There are a lot of questions when it comes to MRI’s. What are they? How do they work? Why do they make such weird noises? How much radiation will I be exposed to? It’s totally normal for patients to have questions about their imaging procedures, and as medical professionals who practice in the world of diagnostic imaging, we field questions about MRI’s on a daily basis. We’ve noticed, however, that there’s also a lot of misinformation out there about MRI technology and what happens during the procedure.
Today we’re setting the record straight about two of the most common MRI myths and misconceptions that patients struggle with:
Myth #1: All MRI Machines Are Created Equal
We cannot begin to stress how completely 100% incorrect this statement is. Think of your MRI results as a picture and the machine itself as a camera, because that’s essentially what it is. In order to determine whether there’s anything wrong, a clear and high quality image must be produced. In order to produce a sharper, higher quality image, you’ll need a higher quality camera. Anyone who’s used a cheap point and shoot camera and then picked up a DSLR can tell you that not all cameras are the same, and likewise not all MRI machines are the same. The better the image needed, the nicer the machine has to be.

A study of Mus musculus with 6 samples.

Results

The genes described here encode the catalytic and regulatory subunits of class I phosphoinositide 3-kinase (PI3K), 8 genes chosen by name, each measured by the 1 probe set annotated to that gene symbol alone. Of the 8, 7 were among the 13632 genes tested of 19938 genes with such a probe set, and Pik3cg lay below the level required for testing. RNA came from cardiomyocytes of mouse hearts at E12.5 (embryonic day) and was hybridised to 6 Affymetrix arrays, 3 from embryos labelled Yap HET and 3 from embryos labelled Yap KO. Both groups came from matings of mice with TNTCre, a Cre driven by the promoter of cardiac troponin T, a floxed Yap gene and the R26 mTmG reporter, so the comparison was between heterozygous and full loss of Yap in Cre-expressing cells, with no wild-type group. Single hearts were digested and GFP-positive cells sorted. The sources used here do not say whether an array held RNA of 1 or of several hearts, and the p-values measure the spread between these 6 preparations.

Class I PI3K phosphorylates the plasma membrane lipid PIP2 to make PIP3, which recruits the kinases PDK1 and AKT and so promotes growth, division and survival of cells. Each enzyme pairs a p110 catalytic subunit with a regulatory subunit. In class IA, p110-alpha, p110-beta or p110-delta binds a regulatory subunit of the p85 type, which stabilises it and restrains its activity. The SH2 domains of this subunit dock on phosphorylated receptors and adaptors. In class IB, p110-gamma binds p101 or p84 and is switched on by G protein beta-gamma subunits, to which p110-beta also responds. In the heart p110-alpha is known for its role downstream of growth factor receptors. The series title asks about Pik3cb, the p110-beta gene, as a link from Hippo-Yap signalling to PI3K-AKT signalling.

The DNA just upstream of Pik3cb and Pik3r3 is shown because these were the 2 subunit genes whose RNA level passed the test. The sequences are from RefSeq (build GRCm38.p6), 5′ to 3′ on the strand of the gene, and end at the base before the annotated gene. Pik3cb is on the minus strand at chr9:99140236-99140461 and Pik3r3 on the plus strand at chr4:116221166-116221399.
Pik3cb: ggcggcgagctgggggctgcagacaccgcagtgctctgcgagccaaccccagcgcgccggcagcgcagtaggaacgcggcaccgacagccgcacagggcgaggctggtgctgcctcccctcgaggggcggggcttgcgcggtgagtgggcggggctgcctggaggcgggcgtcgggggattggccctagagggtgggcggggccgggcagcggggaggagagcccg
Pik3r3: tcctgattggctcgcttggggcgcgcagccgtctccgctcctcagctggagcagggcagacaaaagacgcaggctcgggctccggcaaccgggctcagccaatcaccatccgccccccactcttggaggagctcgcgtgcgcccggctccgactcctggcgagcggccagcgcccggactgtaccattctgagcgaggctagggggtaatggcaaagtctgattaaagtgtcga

Myth #2: People Who Have Had Joint Replacement Can’t Get An MRI
With MRI’s, there’s a lot of emphasis placed on the fact that you have to completely remove any metal from your body before undergoing the procedure. Piercings, belts, zippers on jeans, etc. – anything that’s remotely metal must be removed before someone can enter the MRI machine because of the strength of the magnets. This causes concern for people who have had procedures such as joint replacements, where the implanted devices could contain metal.
Despite what many people think, in most cases medical devices such as these are not affected by the magnetic field of the MRI machine and should not provide a problem when scanned. Patients undergoing MRI’s who have had medical implants should discuss this with their doctor prior to the MRI procedure just to make sure that it is safe for them to proceed, but for the majority of cases this shouldn’t cause an issue.
If you’ve fallen victim to either of these myths, don’t worry you aren’t alone! Just remember to keep this information in mind before you schedule an MRI. Make sure that the facility you go to has a quality machine (like ours!) and that you discuss any prior medical procedures with the doctor. If you live in the Manhattan area and are in need of an MRI, contact our imaging experts today! We would love to handle your needs here at Rosetta Radiology.